Facebook rolls out kids-focussed messenger service to India

The expansion comes amid lockdowns across various parts of world on account of the coronavirus outbreak.

With schools and offices shut, people are turning to digital platforms for communicating with others as they practice social distancing to protect themselves against the pandemic.

Launched in 2017, Messenger Kids is a video chat and messaging app that helps kids connect with friends and family in a parent-controlled space.

"As many communities are managing response to COVID-19, with schools closed and people practicing physical distancing, parents are turning to technology more than ever to help their kids connect with friends and family, and looking to do so in a parent-controlled way," Facebook said in a statement.

Starting today (Thursday), parents in India will be able to download the app from the Apple App Store, and the app will be available in the Google Play Store by the end of the week, it added.

"For years, we've worked closely with Facebook's Youth Advisors, a team of experts in online safety, child development and media, to help shape the Messenger Kids app. We continue to consult child safety advocates and educators to ensure we're providing a service that balances parental control with features that help kids learn how to connect responsibly online," the statement said.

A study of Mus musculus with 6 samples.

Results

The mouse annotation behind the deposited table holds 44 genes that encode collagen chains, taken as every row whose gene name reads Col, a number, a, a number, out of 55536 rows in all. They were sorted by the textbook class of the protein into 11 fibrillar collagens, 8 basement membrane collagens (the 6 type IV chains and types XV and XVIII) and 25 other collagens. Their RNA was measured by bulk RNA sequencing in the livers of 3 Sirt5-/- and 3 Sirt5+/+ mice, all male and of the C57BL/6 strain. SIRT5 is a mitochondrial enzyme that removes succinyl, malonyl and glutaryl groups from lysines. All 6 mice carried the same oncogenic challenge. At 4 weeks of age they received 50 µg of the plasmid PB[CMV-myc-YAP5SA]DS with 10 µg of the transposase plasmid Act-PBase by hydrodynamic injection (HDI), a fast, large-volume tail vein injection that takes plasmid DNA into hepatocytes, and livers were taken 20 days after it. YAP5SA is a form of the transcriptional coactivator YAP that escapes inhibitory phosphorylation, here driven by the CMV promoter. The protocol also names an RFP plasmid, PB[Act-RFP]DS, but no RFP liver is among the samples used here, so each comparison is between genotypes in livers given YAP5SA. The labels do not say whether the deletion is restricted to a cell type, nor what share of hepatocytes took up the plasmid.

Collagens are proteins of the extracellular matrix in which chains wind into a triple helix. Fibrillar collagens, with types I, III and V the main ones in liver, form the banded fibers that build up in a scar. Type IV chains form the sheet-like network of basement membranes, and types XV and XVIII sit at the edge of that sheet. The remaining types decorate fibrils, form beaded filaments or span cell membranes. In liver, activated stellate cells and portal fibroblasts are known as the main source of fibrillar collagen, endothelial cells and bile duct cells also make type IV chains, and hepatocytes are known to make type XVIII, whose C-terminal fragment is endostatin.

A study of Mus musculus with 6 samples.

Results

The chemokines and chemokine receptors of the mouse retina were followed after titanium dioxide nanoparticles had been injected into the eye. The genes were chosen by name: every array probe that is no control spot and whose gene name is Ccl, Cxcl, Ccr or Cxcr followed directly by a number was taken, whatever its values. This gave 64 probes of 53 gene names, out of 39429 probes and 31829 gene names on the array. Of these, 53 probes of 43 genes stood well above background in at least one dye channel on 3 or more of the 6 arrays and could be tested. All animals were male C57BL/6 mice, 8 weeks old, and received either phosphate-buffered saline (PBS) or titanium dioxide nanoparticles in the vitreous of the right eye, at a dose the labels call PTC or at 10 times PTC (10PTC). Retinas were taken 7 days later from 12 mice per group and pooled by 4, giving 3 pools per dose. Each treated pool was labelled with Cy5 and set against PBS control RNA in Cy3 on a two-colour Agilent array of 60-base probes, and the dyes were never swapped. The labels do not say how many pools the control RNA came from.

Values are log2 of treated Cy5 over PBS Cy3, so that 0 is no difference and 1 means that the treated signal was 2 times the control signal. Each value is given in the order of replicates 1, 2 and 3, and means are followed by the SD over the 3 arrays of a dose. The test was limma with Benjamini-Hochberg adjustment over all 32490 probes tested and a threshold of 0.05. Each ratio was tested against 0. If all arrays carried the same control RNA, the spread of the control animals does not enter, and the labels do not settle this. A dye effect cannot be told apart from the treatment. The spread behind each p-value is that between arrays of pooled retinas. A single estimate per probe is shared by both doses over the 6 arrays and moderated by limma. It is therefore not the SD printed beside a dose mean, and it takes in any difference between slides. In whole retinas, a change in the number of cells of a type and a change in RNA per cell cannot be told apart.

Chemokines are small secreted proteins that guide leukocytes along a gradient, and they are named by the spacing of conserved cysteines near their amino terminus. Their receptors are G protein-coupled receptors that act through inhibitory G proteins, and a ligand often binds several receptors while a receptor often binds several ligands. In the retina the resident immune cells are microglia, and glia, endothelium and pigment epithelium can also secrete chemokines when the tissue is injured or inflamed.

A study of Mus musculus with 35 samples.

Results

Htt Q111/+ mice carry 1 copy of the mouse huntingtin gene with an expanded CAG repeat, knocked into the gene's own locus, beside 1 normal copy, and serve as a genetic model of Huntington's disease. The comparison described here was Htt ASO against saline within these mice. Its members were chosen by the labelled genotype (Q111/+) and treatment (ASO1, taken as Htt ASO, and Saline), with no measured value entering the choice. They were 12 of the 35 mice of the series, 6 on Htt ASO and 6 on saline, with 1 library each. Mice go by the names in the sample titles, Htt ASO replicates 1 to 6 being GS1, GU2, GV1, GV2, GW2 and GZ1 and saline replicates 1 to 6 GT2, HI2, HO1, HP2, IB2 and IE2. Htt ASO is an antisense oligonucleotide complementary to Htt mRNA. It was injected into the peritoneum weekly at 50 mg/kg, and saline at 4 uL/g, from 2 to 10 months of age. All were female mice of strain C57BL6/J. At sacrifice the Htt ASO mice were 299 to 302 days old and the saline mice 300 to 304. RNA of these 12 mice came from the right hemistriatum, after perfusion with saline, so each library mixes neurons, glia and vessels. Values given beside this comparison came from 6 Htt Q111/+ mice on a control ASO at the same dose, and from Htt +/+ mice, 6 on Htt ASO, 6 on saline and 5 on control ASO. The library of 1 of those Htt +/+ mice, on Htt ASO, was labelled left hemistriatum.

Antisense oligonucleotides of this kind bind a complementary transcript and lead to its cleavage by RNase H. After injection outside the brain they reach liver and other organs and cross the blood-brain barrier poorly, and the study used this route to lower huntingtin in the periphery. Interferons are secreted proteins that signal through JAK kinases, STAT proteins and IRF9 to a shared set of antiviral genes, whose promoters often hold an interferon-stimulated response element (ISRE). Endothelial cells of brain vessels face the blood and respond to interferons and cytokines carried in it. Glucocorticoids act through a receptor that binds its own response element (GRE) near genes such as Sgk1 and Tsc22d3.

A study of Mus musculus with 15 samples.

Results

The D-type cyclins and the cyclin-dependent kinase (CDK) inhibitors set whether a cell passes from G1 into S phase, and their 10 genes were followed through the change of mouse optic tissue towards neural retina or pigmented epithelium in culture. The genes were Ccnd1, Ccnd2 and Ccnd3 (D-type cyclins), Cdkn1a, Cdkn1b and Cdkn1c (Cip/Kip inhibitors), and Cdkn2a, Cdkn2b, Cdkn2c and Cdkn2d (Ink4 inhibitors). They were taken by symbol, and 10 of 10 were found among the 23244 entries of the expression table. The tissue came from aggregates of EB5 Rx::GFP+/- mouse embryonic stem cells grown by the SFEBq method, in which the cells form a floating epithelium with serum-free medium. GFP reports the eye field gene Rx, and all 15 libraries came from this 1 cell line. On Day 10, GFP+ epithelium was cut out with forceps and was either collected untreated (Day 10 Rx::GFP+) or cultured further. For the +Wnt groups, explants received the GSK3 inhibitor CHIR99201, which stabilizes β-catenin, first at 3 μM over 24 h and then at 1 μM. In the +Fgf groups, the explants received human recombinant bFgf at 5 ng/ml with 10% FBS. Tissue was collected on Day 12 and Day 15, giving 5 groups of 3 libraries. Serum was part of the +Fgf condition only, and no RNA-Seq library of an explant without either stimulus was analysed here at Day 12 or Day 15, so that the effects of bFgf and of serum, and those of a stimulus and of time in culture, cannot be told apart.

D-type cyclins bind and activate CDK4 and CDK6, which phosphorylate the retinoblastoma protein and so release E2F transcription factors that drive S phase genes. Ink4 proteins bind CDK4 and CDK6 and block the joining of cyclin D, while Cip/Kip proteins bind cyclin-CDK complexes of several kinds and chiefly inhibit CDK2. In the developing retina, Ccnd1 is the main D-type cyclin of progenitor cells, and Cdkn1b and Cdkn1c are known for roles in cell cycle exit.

Every child account on Messenger Kids has to be set up by a parent. After downloading the Messenger Kids app, parents will have to authenticate the child's device using their own Facebook username and password.

However, this will not create a Facebook account for the child or give them access to the parent's Facebook account.

"Messenger Kids gives parents more control. Parents manage the contact list and have visibility into how their kids are using the app. Parents control kids' accounts and contacts through the Messenger Kids Parent Dashboard in their main Facebook iOS and Android app," the statement said.

It added that there are no ads in Messenger Kids and the child's information is not used for ads, and the app is designed to be compliant with the Children's Online Privacy and Protection Act (COPPA).